Shared Networked Objects and Windows

Computer Supported Collaborative Working is becoming a commonplace facility. The combination of shared applications with audio and video conferencing makes a very powerful tool. There is a great deal of work currently going on in the areas of network and workstation support for video and audio. In the past there has been some work on shared applications. This falls into two camps:
  1. Replicating the application, typically through rebuilding the application so that it shares its persistent data through a shared file system. Of course, the main problem with this is it assumes that
  2. Replicating the view of the application, typically through a shared window system.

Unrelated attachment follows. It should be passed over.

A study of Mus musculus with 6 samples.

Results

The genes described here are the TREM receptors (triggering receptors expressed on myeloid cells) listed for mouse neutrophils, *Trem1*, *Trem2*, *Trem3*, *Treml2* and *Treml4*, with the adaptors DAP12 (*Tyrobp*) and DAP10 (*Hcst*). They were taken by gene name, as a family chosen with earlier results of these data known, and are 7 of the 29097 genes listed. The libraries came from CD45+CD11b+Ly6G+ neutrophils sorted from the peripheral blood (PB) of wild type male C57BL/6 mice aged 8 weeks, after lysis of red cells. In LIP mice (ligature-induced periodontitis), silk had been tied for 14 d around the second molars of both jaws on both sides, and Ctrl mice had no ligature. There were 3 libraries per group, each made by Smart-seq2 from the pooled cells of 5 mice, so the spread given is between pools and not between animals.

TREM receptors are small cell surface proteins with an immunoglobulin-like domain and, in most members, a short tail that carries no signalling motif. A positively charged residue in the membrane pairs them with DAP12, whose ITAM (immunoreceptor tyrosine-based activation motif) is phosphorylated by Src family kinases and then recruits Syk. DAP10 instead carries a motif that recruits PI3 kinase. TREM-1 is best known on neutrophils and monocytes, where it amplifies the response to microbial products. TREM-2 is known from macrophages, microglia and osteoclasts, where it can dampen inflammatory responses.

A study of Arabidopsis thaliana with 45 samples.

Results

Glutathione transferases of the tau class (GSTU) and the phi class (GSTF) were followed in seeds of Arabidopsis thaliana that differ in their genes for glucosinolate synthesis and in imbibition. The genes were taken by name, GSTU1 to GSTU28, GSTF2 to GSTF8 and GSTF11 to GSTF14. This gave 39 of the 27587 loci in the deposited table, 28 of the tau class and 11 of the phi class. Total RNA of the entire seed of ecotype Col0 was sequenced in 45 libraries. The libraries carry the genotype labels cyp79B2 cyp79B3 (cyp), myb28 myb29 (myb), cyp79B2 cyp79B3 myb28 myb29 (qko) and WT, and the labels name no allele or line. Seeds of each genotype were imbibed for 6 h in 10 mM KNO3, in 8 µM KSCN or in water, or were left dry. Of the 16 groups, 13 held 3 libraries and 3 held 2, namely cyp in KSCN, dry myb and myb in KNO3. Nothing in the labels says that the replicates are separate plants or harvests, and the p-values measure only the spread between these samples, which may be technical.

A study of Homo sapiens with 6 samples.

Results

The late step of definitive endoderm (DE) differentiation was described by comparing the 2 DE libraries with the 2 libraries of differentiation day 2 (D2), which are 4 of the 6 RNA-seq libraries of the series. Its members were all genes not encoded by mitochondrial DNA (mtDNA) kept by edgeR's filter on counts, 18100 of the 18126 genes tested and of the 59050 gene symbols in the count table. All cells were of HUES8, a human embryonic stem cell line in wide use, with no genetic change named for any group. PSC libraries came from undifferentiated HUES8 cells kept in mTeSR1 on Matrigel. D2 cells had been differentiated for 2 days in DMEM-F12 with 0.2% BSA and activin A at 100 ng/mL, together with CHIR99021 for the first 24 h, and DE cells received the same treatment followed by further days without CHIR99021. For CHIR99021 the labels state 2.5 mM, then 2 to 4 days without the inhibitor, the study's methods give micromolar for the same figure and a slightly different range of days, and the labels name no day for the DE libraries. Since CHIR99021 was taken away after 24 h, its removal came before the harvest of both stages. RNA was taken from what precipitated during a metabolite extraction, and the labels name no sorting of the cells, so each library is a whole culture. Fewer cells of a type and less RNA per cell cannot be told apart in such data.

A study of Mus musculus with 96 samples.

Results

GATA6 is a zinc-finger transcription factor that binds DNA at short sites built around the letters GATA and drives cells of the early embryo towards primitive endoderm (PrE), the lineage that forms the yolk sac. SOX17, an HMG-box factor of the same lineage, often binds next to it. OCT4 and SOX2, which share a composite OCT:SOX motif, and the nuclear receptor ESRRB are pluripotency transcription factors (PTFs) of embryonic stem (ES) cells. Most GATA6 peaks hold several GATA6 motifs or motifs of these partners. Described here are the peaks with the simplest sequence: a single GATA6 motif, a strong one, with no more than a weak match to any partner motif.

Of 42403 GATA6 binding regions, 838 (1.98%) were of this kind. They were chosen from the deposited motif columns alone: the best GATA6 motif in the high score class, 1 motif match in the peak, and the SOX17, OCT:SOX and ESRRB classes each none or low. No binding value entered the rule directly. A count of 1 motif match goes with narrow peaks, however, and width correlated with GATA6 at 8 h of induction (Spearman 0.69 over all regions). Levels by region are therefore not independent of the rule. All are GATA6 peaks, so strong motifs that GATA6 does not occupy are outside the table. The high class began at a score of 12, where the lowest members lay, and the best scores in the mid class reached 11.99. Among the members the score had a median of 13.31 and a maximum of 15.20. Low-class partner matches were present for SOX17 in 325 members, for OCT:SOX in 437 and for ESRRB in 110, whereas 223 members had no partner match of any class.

These two approaches both require a coordination facility that determines which of the many concurrent users has control of change or input, whilst all the others see the same output. This is more easily achieved for the latter with the shared window approach. this has one major advantage over the former approach which is that users may use any application they are familiar with that can run under the particular window system. However, there is one serious drawback to sharing a view of a modern graphic user interface application: The cost of replicating the output can scale poorly. It has been achieved either through an intermediate agent (e.g. an X bridge) or by having the application treat n displays as 1 by replicating all output. In the former case, the load through the X bridge is excessive as soon as there are more than a very small number of participants. In the latter, the network traffic load is excessve. Modern network services include multicast where a packet destined for more than one destination can be optimally delivered by the network to only those segments/links that contain members of a multicast group. It is clear that we could combine this with a shared window system to minimise the traffic, thus countering the problems mentioned above.